Parts of the South were bracing for more rain Tuesday, a day after severe storms killed at least four people in Alabama and one in Florida Monday.
The line of severe thunderstorms spawned several possible tornadoes, and the threat continued into early Tuesday for southern Alabama, southwest Georgia and the Florida Panhandle.
CBS Dothan, Alabama affiliate WTVY-TV reports , “Four people died Monday night when two trees toppled onto a house in southern Houston County during an apparent tornado. Three others in the home escaped without injury.”
The station quotes Houston County Emergency Management Director Chris Judah as sayhing, “It is a very dangerous scene. One of the trees cut the trailer in half.” He said those killed had huddled in one area of the mobile home while the other three were in another part.
Alabama Gov. Robert Bentley said in a statement on social media that the Houston County sheriff had told him about the deaths and he offered “prayers for those impacted.”
In Mossy Head, Florida, a 70-year-old man drowned Monday, apparently accidentally, the Walton County Sheriff’s Office says, adding that deputies found his car partially submerged “and his body floating face-down” near his trailer.
In Georgia, some of the heaviest rains were expected early Tuesday morning, forecasters said.
“There is a slight chance of damaging winds and tornadoes, however the highest probabilities are generally west of Interstate 75,” said Sid King, a meteorologist at the National Weather Service in Peachtree City, Georgia, near Atlanta.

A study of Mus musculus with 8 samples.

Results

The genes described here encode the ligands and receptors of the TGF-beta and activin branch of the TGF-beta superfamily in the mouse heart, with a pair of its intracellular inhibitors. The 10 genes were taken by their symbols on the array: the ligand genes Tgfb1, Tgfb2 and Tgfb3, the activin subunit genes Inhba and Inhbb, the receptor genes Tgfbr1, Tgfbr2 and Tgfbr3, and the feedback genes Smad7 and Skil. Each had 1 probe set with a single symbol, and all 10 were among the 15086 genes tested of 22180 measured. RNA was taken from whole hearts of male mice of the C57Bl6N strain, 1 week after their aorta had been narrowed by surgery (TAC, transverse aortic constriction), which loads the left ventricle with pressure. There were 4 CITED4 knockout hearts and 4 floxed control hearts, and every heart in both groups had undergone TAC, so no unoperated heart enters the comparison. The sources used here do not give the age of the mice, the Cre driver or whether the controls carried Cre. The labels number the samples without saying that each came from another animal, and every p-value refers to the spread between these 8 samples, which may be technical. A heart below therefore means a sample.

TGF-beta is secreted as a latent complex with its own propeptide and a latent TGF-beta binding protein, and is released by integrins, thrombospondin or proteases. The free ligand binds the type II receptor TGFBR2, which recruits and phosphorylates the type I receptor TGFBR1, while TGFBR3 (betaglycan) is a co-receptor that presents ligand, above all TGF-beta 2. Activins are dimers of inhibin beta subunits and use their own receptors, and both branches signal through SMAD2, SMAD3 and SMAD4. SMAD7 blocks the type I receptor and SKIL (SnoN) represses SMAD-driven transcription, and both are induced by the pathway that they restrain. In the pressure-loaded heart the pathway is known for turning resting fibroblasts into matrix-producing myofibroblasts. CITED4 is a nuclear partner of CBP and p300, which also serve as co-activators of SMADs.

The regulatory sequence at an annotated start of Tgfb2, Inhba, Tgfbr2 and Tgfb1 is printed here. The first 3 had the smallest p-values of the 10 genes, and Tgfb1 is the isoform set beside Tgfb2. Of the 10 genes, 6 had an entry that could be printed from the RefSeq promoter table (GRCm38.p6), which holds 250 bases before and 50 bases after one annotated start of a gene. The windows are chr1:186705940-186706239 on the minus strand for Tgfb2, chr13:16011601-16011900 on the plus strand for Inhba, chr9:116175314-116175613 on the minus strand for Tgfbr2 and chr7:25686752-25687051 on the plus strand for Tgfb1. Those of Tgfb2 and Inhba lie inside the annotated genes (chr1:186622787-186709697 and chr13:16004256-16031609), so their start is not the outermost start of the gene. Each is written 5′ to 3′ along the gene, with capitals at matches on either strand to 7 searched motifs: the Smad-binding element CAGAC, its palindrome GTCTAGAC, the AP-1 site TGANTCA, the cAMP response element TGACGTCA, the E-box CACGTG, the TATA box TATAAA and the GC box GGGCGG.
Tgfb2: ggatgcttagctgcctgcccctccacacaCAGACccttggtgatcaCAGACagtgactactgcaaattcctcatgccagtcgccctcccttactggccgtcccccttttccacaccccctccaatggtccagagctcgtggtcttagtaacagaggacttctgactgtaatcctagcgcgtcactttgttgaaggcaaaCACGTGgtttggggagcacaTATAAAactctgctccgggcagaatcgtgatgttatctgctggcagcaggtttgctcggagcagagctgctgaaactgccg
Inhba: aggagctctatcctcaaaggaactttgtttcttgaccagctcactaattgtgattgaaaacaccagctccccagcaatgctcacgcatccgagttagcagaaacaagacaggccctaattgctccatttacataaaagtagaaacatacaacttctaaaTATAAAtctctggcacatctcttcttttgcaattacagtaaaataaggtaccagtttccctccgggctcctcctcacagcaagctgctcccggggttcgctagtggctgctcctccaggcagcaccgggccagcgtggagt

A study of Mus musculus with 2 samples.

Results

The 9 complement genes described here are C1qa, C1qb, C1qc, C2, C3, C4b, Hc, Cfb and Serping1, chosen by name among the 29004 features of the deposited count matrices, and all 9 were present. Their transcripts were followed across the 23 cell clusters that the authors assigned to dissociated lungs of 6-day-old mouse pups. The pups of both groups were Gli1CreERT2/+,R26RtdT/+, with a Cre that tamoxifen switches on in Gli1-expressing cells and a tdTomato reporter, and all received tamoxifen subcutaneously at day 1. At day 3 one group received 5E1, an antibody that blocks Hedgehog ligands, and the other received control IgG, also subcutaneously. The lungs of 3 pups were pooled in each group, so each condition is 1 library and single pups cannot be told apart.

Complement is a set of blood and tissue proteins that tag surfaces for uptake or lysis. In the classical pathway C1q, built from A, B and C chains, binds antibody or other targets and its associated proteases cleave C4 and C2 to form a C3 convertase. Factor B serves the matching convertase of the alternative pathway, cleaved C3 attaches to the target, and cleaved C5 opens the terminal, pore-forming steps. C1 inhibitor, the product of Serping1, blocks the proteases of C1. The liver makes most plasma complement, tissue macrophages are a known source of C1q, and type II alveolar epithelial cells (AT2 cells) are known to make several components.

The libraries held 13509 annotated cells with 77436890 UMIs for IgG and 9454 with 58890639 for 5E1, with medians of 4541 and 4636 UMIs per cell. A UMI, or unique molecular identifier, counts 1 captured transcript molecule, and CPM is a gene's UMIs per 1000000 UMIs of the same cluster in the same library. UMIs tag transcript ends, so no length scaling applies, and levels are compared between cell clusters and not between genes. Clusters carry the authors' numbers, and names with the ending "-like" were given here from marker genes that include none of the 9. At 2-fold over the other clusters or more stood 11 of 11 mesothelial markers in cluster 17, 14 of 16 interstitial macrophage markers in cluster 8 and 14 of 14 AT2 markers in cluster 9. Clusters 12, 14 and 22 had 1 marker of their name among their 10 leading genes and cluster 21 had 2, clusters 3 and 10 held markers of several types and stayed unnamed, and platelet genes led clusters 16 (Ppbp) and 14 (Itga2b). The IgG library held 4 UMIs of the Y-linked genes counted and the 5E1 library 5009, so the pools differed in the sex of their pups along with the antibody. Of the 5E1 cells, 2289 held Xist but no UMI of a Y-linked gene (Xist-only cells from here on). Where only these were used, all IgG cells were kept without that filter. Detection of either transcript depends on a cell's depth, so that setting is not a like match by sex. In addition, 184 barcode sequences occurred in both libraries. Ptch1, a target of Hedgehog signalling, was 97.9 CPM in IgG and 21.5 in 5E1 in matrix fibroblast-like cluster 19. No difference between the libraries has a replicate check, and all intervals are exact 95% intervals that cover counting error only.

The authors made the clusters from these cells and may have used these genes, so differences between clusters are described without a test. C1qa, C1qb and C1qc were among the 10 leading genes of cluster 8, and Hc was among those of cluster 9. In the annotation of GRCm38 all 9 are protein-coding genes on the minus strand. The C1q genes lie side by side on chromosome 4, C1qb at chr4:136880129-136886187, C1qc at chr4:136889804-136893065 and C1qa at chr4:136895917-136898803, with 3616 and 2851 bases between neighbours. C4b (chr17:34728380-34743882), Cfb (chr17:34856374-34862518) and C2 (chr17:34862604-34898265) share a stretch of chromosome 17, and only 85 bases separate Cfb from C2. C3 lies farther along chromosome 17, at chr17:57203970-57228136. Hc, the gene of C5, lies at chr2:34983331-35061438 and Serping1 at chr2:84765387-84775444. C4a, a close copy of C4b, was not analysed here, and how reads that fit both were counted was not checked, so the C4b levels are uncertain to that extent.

Parts of south Georgia could see as much as 3 inches of total rainfall from all the storms produced by the system now moving across southern states, King said.
State emergency officials reported no injuries or deaths in Louisiana and Mississippi, but a trip to Walmart was memorable for some shoppers in Marksville, Louisiana, as severe weather blew out skylights in the store, sending water and glass cascading onto shoppers.
Marksville Fire Chief Jerry Bordelon said a fireworks stand in the Walmart parking lot was tossed 30 or 40 yards and mangled. The storm also knocked over 18-wheel truck trailers and punched holes in the Walmart’s roof. The fire department ordered shoppers to leave the store, but some didn’t want to leave even as managers closed it.
“Believe it or not, we had some people in there who were still trying to shop,” Bordelon said.
Walmart spokeswoman Erica Jones said the Arkansas-based company hopes to reopen the store Tuesday, but isn’t sure that will happen, citing needed repairs to a natural gas line.
Storms in central Mississippi near Mendenhall and Mount Olive were preliminarily identified as tornadoes by the National Weather Service, based in part on radar signatures. Both storms damaged farm buildings and homes. Other possible tornadoes will be surveyed later.
In Louisiana, there was also relatively serious damage in the southwestern parishes of Beauregard and Allen, including the town of Reeves. Some wind damage was also reported in Houston and throughout East Texas. Though Arkansas had also been included in warnings, there was only a stray report of hail in Jackson County in the northeast part of the state.
Tens of thousands lost power in Louisiana and Mississippi at the height of the storm, according to utilities.
Freddie Zeigler, a meteorologist in the Weather Service’s New Orleans office, said heavy winds were preceding the squall line, possibly contributing to power outages.
It was the second episode of heavy rain within days for some areas. An area stretching from Biloxi, Mississippi, through Alabama and across Macon and Augusta, Georgia, received more than 4 inches of rain Monday, according to radar estimates. Parts of southern Mississippi and southwest Alabama have received more than 8 inches of rain since Saturday. Though rivers along the Gulf Coast were rising rapidly Monday, only minor flooding was predicted.